Educators Improving their Performance without Burnout
Depending on the type of leadership role one takes in education, oftentimes, burnout is inevitable. According to Gallup research, K-12 educators report burnout the most, with four out of 10 indicating that burnout is a normal feeling for them. However, there are reasons for that and ways educators can reevaluate their performance in their leadership style. How does burnout happen with educators? And what are the ways they can improve their workplace performance without experiencing burnout?
In an episode of “DisruptED,” host Ron J Stefanski talked to Dr. Joe Hill, the founder of Higher Performance Group — a professional training and coaching company. The two discussed their concerns about burnout challenges facing educators. Having worked in various leadership roles as an educator, Hill is well-versed about the mental and physical obstacles educators face.
The stresses of a leadership role in education may come with challenges. Oftentimes, these drawbacks lead to many in those positions spending a short time in them. According to the Learning Policy Institute, principals in particular have a significant turnover rate and burnout\ is one of the contributing factors. But Hill added work-life balance doesn’t enter the equation, but rather a state of conditions.
“If you’re a school leader, you learn the lifestyle, you learn work and life—integration if you will—but there’s never balance. But there is certainly burnout and I think we’ve been seeing just heightened levels of that. I read a lot on what’s happening in the world of education with K-12 and higher ed, and they’re projecting nearly 40 percent leadership turnover over the next five years. Well, they’re having a hard time filling positions now—today,” said Hill.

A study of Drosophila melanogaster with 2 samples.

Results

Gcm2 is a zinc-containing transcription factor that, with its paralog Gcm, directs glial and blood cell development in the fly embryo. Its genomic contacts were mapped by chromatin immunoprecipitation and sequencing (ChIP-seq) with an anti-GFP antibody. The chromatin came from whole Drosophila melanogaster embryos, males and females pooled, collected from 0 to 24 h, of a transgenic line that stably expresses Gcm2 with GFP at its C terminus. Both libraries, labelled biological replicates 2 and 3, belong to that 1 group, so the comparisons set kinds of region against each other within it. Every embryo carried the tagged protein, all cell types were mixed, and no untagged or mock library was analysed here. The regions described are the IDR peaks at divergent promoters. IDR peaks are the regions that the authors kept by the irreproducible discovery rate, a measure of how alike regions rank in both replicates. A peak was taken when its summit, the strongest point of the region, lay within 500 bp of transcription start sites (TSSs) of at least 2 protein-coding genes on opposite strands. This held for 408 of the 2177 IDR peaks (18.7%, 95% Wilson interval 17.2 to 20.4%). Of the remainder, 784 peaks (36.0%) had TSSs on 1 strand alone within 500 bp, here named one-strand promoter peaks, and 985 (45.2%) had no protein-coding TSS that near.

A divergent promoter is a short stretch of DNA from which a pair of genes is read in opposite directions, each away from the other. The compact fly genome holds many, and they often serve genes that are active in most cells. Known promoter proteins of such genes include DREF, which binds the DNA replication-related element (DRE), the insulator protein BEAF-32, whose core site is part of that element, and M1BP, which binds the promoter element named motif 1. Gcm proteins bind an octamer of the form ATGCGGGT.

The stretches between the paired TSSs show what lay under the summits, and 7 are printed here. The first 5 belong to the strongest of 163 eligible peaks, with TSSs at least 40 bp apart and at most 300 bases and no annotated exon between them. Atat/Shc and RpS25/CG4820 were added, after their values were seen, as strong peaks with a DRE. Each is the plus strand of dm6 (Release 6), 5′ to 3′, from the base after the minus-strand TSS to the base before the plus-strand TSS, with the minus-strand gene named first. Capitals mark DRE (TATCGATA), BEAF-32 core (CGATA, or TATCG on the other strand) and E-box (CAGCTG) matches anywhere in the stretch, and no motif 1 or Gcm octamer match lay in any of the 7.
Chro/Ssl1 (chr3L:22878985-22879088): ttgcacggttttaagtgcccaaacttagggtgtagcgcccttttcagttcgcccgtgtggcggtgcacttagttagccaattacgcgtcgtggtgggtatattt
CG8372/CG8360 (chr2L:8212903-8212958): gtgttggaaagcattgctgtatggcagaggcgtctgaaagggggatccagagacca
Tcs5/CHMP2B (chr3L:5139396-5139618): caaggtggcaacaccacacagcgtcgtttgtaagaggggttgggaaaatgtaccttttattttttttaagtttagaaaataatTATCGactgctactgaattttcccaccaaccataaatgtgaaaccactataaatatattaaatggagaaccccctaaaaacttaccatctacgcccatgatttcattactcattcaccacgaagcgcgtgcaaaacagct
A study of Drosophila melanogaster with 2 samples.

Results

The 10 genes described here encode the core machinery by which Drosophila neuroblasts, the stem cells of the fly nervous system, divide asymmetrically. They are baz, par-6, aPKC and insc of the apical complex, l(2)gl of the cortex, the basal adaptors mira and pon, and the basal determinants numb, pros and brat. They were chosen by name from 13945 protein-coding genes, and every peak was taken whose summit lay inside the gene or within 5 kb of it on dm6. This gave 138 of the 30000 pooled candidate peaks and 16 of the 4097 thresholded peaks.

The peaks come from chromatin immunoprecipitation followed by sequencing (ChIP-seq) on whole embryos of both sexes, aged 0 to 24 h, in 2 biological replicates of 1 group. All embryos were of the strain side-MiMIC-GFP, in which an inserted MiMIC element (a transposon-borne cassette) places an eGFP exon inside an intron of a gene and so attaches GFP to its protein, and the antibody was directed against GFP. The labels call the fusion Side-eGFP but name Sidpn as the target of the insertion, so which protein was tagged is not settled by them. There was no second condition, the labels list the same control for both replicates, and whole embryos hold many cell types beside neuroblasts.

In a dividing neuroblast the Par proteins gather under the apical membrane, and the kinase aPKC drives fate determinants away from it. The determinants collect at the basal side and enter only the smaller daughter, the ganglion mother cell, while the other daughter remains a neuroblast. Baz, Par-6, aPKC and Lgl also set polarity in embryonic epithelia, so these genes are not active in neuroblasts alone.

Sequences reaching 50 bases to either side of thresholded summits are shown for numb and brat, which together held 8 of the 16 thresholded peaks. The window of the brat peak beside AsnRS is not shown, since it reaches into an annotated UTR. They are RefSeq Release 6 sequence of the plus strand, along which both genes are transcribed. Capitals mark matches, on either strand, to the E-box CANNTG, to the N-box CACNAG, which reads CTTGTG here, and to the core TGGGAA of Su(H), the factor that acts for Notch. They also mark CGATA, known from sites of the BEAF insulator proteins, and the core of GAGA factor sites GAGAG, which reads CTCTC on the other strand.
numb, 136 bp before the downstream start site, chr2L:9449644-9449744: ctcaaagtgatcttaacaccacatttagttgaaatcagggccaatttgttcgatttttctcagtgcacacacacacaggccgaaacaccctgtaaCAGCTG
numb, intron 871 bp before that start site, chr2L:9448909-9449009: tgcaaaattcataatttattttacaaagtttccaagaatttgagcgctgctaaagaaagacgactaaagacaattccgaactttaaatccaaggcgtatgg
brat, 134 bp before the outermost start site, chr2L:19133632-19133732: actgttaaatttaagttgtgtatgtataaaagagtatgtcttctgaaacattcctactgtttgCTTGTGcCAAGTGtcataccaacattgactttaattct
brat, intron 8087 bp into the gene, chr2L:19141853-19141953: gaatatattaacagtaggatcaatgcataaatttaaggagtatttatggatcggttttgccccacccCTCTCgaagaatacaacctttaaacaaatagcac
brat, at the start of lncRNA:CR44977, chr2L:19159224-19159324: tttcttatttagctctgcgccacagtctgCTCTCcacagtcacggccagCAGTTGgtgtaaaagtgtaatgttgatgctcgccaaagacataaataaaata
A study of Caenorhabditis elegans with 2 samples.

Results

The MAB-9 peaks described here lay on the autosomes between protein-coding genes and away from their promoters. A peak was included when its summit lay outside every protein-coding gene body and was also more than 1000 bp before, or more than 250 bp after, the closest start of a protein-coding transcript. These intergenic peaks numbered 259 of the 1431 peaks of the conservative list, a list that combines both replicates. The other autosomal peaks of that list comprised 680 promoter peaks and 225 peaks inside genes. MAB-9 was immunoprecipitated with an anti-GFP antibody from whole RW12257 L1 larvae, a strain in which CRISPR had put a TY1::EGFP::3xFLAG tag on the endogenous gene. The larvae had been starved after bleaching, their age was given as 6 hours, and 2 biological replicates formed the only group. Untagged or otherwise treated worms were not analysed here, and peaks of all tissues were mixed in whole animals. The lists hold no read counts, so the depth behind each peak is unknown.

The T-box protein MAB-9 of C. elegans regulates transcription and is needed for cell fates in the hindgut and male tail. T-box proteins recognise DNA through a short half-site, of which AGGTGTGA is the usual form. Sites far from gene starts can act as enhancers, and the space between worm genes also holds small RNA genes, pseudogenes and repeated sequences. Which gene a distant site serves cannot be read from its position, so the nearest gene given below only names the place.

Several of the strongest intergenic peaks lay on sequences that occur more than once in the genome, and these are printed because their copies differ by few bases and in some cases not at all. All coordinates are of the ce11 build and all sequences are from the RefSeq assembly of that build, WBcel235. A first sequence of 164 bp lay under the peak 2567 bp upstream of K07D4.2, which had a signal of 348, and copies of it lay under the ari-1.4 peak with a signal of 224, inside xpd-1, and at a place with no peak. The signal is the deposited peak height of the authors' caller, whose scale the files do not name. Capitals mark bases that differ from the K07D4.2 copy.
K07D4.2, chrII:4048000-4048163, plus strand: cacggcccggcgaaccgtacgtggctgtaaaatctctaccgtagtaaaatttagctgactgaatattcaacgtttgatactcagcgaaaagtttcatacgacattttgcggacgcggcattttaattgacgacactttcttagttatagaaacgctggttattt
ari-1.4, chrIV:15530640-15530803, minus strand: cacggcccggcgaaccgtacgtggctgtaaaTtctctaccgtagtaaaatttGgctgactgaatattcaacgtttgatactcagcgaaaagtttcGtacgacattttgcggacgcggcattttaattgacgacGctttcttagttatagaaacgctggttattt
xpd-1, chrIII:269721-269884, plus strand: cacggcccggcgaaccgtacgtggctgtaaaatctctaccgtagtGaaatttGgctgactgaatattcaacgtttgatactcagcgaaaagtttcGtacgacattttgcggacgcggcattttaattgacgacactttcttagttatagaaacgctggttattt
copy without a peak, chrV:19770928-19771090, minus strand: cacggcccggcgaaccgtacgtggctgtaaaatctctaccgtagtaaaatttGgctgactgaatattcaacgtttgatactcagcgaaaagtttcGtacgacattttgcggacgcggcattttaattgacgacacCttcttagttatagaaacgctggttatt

Stefanski and Hill speak on performance without burnout …
● Balancing the desire for performance improvement and avoiding burnout
● The importance of educators forming communities that support and challenge them
● Emphasizing the necessity of value and worthiness in one’s work
“We all must get up in the morning to have something to look forward to that has any purpose to it, and it doesn’t matter if you’re checking into the office or going to volunteer down the street. Whatever the day consists of it should be worthy and purposeful—never accidental, always intentional,” said Hill.
Dr. Joe Hill is an educational leader, speaker, and founder of Higher Performance Group. He has over three decades of experience as an educator in being a teacher, principal, and a superintendent. He is a graduate of the University of North Dakota and St. Cloud State University. Hill has a forthcoming book being released this spring titled, “Leading from Peace,” which will focus on tips for leaders.